Donald Trump continues to baselessly claim the election was “rigged” and his legal team keeps pushing lawsuits in key states to try to overturn the results for President-elect Joe Biden. It has already been an uphill battle; in the weeks since Election Day the campaign has won just one minor court battle.
After Tuesday, their effort will become even more difficult. That’s because Dec. 8 is the federal election “safe harbor” date this year, usually a little-noticed deadline that will mark a major step towards locking in Biden’s victory.
The formal Electoral College vote this year is on December 14. But according to federal law, if states finalize their slate of electors by six days before the Electoral College vote— this year, Dec. 8— that determination “shall be conclusive.” In other words, states that have certified their results by tonight are effectively protecting those results in compliance with federal law, which is supposed to provide assurance that Congress will be bound to honor those electors when they vote in January. “Submission by safe harbor is supposed to ensure Congress will count those votes,” says Richard Pildes, constitutional law professor at New York University School of Law.
According to the Associated Press, every state appears to have met the 2020 safe harbor deadline except Wisconsin, which cannot alone change the presidential race results in the Electoral College. Even if Wisconsin does not certify by Tuesday, its electors can still be counted, which would give Biden 306 Electoral College votes and a decisive victory over Trump. If there were to be an issue with Wisconsin’s votes, or if the legislature submits an alternate slate of electors, Biden would still have 296 electoral college votes without Wisconsin, or 26 more than he needs.
Typically, the safe harbor deadline passes without any fanfare. This year it is attracting attention because Trump has refused to concede the election to Biden and his legal team has filed numerous lawsuits throughout the country based on unsupported claims of fraud or illegitimate ballots cast in the election. As those lawsuits have failed, the campaign’s objective shifted to pressuring Republicans in legislatures of states that Biden won to appoint a slate of electors who would go against voters’ will and certify the results for Trump.
So far, Trump has personally intervened in three states to try to reverse his losses. He has called state leaders in Pennsylvania, Michigan, and Georgia, according to the Washington Post, and reportedly pressured the governor of Georgia to replace his state’s electors voting in favor of Biden. None of these tactics appear to have worked; results have been certified in all of these states. And on Tuesday, the U.S. Supreme Court rejected a last ditch effort by Pennsylvania Republicans to stop the certification of Biden’s victory there.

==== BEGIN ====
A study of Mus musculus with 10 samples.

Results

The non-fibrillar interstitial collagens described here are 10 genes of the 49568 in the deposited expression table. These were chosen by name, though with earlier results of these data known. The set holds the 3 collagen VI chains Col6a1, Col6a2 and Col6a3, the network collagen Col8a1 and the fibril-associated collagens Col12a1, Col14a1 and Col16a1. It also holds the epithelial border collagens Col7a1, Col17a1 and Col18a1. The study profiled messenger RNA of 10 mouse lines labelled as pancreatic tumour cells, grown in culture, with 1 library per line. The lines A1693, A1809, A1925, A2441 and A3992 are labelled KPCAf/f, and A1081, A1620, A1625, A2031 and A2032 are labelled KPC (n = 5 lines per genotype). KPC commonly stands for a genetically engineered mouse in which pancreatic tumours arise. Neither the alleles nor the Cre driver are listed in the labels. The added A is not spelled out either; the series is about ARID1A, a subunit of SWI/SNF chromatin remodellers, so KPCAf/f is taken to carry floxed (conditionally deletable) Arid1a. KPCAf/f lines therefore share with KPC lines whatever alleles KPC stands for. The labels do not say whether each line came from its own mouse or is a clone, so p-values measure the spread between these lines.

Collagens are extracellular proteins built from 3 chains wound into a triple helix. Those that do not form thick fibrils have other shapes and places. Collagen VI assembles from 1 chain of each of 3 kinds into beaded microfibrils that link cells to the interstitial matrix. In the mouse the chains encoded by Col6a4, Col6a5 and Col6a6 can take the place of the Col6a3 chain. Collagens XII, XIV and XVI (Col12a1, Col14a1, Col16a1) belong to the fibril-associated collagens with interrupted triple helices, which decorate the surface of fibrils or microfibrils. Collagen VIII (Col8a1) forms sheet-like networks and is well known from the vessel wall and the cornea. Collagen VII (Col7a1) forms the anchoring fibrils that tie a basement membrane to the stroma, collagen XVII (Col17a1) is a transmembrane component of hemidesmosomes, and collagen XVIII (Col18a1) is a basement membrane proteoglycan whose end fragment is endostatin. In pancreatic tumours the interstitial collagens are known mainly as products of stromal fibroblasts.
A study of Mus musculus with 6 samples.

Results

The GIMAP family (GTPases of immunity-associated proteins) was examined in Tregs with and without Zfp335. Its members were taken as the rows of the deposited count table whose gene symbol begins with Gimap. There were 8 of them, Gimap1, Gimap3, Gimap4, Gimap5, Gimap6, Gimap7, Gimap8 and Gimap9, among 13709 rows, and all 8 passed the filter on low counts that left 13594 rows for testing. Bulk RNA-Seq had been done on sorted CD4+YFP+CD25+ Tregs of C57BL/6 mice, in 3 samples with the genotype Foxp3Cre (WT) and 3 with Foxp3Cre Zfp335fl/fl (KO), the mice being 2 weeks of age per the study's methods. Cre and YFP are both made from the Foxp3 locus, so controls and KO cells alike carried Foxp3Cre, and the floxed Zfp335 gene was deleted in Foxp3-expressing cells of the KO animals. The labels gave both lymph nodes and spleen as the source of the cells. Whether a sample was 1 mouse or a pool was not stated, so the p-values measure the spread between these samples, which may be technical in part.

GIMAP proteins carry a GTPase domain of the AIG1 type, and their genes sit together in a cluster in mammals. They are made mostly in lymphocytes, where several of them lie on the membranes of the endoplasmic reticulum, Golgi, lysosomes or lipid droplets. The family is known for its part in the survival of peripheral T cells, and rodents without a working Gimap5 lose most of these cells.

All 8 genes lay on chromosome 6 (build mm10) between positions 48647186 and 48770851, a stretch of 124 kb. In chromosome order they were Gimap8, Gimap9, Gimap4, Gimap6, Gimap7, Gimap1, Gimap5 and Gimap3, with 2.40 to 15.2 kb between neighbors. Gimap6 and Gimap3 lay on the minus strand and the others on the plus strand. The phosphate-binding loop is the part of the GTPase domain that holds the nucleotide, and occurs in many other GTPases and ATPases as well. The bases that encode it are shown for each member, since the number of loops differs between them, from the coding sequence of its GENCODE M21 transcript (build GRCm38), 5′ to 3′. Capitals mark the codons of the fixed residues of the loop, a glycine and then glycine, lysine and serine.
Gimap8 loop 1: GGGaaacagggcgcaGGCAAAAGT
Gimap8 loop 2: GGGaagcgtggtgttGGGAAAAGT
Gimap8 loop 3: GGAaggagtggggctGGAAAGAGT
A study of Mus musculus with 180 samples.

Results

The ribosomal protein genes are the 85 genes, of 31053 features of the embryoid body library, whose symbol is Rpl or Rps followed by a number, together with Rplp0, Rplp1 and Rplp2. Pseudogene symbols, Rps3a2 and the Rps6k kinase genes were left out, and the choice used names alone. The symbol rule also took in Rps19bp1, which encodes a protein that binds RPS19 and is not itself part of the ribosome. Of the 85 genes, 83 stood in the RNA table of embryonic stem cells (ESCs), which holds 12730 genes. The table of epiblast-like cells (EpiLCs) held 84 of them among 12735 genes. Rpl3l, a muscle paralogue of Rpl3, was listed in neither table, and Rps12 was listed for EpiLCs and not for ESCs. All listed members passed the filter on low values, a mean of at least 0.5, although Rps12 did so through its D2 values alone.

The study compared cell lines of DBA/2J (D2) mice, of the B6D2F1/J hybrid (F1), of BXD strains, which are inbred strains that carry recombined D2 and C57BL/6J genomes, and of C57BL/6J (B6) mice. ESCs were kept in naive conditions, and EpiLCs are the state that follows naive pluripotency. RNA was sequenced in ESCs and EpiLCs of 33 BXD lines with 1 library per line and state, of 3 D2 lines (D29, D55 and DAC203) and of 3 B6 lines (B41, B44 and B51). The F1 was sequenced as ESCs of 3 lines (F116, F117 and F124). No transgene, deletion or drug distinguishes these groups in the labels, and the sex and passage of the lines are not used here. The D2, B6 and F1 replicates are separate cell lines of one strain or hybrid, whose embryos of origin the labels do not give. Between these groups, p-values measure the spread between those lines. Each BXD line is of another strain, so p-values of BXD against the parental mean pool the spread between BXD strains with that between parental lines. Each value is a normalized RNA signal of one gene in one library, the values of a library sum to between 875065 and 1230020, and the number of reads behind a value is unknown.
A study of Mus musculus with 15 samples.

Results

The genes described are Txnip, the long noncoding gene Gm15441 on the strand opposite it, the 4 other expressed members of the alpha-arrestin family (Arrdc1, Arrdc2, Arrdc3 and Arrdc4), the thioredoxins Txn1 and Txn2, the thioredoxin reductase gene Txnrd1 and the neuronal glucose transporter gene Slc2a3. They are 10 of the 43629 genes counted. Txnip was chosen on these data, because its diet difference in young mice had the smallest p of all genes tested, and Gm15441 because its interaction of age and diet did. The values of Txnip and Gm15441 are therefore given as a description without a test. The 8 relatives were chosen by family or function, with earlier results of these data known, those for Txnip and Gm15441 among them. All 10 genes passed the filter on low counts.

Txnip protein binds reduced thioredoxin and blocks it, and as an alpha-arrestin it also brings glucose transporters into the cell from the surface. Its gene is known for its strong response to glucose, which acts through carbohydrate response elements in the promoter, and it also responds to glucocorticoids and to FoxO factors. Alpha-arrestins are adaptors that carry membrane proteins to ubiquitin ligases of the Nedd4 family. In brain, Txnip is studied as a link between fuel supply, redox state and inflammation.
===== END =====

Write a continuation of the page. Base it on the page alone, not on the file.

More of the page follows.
This effort hinges on a long-shot idea that if these legislatures send a dueling slate of electors to Congress, Republicans there could try and confirm the slate that favors Trump when the chambers convene to finalize the election results on Jan. 6, thus handing him a second term. This gambit almost certainly won’t work, even though the majority of Congressional Republicans have refused to acknowledge Biden’s victory. (On Tuesday, Republican leadership on the Congressional inauguration planning committee blocked a resolution affirming Biden as the President-elect.)
Objections to the slates must be written and signed by both a Senator and a member of the House of Representatives. The House and Senate would then break off for a debate before a majority vote on the objection. With a Democratic House, and a razor-thin Republican majority in the Senate, any objections are unlikely to be approved.
In fact, the safe harbor deadline could give more Republicans cover to buck Trump, rather than try and fight the election on his behalf. If a slate of electors is appointed in states by Dec. 8, “that slate ought to beat out any other slate in Congress,” says Edward Foley, an election law expert at Moritz College of Law at Ohio State University, even if any state legislature tries to send a competing slate of electors to vote for Trump. “That’s the concept of safe harbor.”
Still, Trump and his allies have vowed to continue. The safe harbor deadline means “nothing,” Trump campaign senior adviser Jason Miller proclaimed on Twitter on Tuesday. Miller wrote that the Trump team’s efforts are “all about January 6th when the new Congress tallies up the electoral votes.”
In a statement issued Tuesday, Trump’s attorneys Rudy Giuliani and Jenna Ellis also noted a focus on Jan. 6 for the legal team’s efforts, and said, “Despite the media trying desperately to proclaim that the fight is over, we will continue to champion election integrity until legal vote is counted fairly and accurately.”
Trump will almost certainly continue to cast doubt on the election results. On Tuesday, he tweeted without evidence that the election was marred by “total corruption.” But after today, the likelihood of him changing the outcome— which was always exceedingly unlikely— will shrink to almost zero.